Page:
A Ukrainian protester who was severely wounded in clashes with riot police has died in hospital, Kiev officials said yesterday, bringing the official death toll from the country’s unrest to three.
“He had severe injuries, underwent several operations, but died in hospital,” a spokeswoman for Kiev’s medical department told reporters.
The nationalist Svoboda (Freedom) Party, identified the victim as Roman Senyk, 45, who was badly injured in his lungs on Wednesday during clashes with police.
A Svoboda spokesperson said he was shot in the chest and, according to the opposition, his death means that six protesters were killed in clashes that started on Sunday last week on Grushevsky Street, on the fringes of the main protest zone.
The authorities have only confirmed a toll of three, which includes the latest fatality, a Ukrainian of Armenian origin and a Belarussian citizen, both of whom died of gunshot wounds, but police insist the latter two were not killed by fire from security forces.
Ukrainian Minister of the Interior Vitaliy Zakharchenko yesterday warned that efforts to solve the deadly crisis without force were “futile,” as protesters and police remained locked in a tense standoff.
The EU urged concrete steps to end the crisis, which risks spiraling into another bloody confrontation if Ukrainian President Viktor Yanukovych chooses to use force to disperse the well-fortified protest camp established in Kiev two months ago.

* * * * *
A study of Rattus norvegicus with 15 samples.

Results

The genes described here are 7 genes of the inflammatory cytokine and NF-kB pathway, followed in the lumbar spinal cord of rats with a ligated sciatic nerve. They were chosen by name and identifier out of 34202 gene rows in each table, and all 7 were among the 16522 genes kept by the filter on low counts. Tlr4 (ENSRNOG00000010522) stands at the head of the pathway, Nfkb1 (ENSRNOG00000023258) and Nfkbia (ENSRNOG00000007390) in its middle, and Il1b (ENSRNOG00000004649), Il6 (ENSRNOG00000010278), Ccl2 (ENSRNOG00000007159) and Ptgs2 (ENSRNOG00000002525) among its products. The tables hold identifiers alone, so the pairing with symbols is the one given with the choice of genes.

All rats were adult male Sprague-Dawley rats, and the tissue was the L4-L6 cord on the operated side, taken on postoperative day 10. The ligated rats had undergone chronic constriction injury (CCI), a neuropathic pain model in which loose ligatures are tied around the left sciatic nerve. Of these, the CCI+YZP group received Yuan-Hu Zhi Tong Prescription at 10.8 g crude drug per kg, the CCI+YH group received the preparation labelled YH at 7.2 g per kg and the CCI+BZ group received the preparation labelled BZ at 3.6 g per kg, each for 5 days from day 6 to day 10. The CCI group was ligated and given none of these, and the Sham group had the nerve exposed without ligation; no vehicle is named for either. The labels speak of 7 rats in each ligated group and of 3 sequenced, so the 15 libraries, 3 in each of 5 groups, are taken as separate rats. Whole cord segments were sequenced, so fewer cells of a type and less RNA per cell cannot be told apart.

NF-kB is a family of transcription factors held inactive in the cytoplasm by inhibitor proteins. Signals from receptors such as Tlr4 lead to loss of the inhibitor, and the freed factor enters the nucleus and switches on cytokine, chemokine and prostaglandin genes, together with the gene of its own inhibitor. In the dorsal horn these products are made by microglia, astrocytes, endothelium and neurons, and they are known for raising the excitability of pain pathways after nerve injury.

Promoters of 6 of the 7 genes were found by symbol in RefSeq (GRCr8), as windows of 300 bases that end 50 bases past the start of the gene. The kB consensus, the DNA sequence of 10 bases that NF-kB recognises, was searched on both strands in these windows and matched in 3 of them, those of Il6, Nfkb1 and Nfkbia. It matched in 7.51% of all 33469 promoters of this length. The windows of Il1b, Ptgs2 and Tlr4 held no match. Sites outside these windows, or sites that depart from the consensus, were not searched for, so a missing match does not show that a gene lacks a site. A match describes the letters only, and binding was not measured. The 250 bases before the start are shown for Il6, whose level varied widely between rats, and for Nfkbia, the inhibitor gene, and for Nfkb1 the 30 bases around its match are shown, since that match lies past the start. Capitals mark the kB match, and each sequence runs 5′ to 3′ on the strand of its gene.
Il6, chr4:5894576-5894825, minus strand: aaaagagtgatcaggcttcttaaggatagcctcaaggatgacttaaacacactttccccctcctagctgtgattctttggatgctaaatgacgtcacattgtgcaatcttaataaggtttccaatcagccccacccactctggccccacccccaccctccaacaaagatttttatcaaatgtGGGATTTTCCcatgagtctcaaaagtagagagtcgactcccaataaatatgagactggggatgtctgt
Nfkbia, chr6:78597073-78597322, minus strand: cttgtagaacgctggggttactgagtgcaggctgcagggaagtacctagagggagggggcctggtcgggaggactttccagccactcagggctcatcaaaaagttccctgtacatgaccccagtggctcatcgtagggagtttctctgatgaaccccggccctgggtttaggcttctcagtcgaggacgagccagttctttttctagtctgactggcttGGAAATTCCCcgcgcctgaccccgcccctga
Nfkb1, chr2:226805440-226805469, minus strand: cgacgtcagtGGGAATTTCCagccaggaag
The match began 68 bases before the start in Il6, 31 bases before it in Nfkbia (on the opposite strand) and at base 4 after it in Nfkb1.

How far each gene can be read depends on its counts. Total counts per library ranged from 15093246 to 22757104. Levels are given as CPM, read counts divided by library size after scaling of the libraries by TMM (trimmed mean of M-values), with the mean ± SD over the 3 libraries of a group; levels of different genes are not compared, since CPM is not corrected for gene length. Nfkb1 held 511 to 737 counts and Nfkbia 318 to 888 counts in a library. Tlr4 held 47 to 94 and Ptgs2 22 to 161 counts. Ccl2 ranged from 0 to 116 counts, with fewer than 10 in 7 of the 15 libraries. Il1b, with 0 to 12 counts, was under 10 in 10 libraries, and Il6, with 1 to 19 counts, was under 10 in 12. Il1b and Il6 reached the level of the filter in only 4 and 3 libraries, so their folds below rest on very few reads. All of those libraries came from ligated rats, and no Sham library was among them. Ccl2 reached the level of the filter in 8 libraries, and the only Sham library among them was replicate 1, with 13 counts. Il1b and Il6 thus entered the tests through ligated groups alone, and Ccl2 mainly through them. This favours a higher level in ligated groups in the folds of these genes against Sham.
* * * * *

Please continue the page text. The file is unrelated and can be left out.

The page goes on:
Overnight, demonstrators hurled Molotov cocktails at police, who responded with stun grenades and rubber bullets, foreign correspondents said. The exchanges will raise concerns about the sustainability of the truce brokered by opposition leader Vitali Klitschko that has been in place since early Thursday.
With tensions rising as hundreds poured into the protest zone yesterday, Zakharchenko bluntly warned that the use of force was possible.
“The events of the last days in the Ukrainian capital have shown that our attempts to solve the conflict peacefully, without recourse to a confrontation of force, remain futile,” he said in a statement.
Accusing the mainstream opposition of failing to control radicals, Zakharchenko said the authorities now had information that the protesters were “hoarding firearms” at their headquarters.
However, in a sign of a possible split within the ruling Regions Party over the crisis, Ukraine’s richest man, Rinat Akhmetov, said talks could be the only solution.
“There can be only one solution to the political crisis — a peaceful one. Any use of force is unacceptable,” said Akhmetov, a Yanukovych ally and Regions Party bankroller.
Kiev has been buzzing with rumors that Yanukovych plans a state of emergency to put down the protests, although he has assured the EU he has no plan to do so.
Further ratcheting up the tensions, the ministry called on protesters to free two policemen who it said had been captured and held in Kiev City Hall. The opposition has denied the claim, but the ministry demanded the officers’ release, in a clear threat to storm the building if they are not freed.